Your Family Law Attorney Can Be Your Strong Advocate
Choosing the right lawyer for your divorce, custody case or private adoption can have a long-lasting impact on your life. The decisions leading to the conclusion of your case may affect your relationships with your children and other family members, your parental rights and your finances for years to come.
I understand the importance of helping people make informed decisions in family law cases. At Ryan J. Lewis, P.C., LLO, communication is a focus. I can help ensure that you have the understanding and information necessary to make the decisions that are in your best interests.
About Divorce In Nebraska
Regardless of the troubles that have led you to the brink of divorce, it is important to understand the key facts in a divorce case:
- You or your spouse must be a resident of Nebraska for at least one (1) year before filing your divorce with the court. The one exception is when you were married in Nebraska, have been married less than one (1) year, and have lived in Nebraska the entire time since your marriage.
- Nebraska is a no-fault state. Neither spouse has to be guilty of any wrongdoing to file for a divorce. If one spouse wants a divorce it is going to happen.
- Nebraska is a marital property/marital debt state. With a few exceptions, the general rule is that all property and debt that was acquired during the marriage gets split equally.
- There is an automatic 60 day waiting period from the date that the Complaint for Dissolution is filed and served to when the divorce can be finalized.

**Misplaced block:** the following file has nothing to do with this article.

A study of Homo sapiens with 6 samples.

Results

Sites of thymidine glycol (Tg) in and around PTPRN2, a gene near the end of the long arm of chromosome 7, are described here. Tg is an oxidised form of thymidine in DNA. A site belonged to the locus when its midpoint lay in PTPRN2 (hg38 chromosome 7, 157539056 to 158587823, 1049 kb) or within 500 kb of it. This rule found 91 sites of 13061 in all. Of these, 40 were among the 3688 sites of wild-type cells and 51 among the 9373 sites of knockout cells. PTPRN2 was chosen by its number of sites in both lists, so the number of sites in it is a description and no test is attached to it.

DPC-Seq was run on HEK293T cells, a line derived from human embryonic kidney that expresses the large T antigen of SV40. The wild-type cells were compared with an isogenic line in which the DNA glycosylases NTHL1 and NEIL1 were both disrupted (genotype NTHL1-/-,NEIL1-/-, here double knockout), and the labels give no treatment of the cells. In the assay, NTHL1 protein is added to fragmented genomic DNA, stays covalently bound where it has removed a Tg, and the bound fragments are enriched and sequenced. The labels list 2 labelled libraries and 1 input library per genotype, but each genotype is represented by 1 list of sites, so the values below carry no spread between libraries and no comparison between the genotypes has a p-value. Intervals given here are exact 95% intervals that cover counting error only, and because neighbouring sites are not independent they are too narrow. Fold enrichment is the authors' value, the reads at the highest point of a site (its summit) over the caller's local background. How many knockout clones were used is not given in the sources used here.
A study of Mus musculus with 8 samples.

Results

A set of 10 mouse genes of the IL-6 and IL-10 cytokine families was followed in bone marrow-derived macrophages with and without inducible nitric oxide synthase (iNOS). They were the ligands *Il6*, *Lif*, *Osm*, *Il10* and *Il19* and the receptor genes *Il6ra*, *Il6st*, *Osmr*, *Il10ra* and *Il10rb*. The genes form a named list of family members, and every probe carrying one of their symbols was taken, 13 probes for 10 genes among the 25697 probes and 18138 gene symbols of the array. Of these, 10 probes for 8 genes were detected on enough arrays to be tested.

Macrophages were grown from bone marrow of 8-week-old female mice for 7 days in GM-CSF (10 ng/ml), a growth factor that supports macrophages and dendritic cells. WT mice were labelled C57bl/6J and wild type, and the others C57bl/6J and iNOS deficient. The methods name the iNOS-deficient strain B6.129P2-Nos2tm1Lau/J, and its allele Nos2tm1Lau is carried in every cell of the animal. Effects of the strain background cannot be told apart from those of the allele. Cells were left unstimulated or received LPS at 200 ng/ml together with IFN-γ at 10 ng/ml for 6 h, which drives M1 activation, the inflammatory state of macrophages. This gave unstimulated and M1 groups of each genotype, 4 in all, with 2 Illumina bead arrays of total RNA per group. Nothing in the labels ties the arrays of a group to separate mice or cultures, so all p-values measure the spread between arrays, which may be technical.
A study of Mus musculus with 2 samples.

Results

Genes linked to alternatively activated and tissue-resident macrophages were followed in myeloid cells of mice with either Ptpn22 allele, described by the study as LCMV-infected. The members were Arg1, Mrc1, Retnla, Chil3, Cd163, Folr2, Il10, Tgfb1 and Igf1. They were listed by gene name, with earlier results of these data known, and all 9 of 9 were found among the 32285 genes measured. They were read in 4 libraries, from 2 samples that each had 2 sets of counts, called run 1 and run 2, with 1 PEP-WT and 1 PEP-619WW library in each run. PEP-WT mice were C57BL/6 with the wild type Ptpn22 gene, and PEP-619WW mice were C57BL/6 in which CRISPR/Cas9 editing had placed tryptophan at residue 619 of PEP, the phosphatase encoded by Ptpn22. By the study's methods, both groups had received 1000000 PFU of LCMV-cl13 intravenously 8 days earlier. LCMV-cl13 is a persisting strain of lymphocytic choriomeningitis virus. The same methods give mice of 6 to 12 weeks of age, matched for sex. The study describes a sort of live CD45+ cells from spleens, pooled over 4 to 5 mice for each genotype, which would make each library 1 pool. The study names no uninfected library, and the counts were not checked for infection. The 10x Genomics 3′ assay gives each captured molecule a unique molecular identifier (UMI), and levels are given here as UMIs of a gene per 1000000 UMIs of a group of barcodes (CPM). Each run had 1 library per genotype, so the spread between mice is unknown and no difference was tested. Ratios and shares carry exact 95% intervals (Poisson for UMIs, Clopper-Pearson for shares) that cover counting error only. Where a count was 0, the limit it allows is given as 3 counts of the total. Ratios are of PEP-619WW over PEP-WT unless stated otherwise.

About Child Custody
Whether you are filing for divorce or a paternity/custody case, it is important that you understand the key facts about child custody:
- The Court will require that a Parenting Plan be developed to address child custody and parenting time. The parties can come to an agreement on a Parenting Plan on their own. If the parties cannot come to an agreement on their own, the Court will require that the parties go through formal mediation.
- Both parties will be required to take a parenting education course approved by the Court.
- There are two types of custody that must be addressed: Physical Custody and Legal Custody. Physical Custody is simply the amount of time the child or children spend with each parent. If a party’s parenting time exceeds 142 days per year, it will be considered joint physical custody. Legal Custody is determined by which parent has the final say in major decisions affecting the child’s life such as school, medical and religion.
- The Court will require that you provide a child support calculation. Nebraska has Child Support Guidelines. Every lawyer and every judge has the same child support calculator.
- Child Custody and child support can be modified. As children grow, their needs change. It is normal to need to request changes in custody and support orders. Modifications may also be necessary if one or both spouses experience significant changes in income or move out of town.
Whatever the reason to petition the court for Child Custody, I can help protect your parental rights and your children’s well-being.
Adoption requires careful attention to legal requirements. The most common adoption I see is a stepparent adoption. It is important that you understand the key facts to a stepparent adoption:
- The stepchild must have lived with the stepparent for at least 6 months, and stepparent must have lived in Nebraska for at least 1 year.
- In most cases, a stepparent can only adopt a child if both biological parents give their permission. Circumstances where an absent biological parent’s consent is not required include incarceration, a record of neglect or evidence showing that the parent is unfit or unable to parent the child.
- A stepchild over the age of 14 must give his or her written consent to be adopted and must understand that adoption will mean that the other birth parent will no longer be a legal part of their life.
- As implied, the spouse of one of the child’s parents adopts the child legally. At the conclusion of the adoption process, in turn, the parental rights of the non-custodial, biological parent are terminated.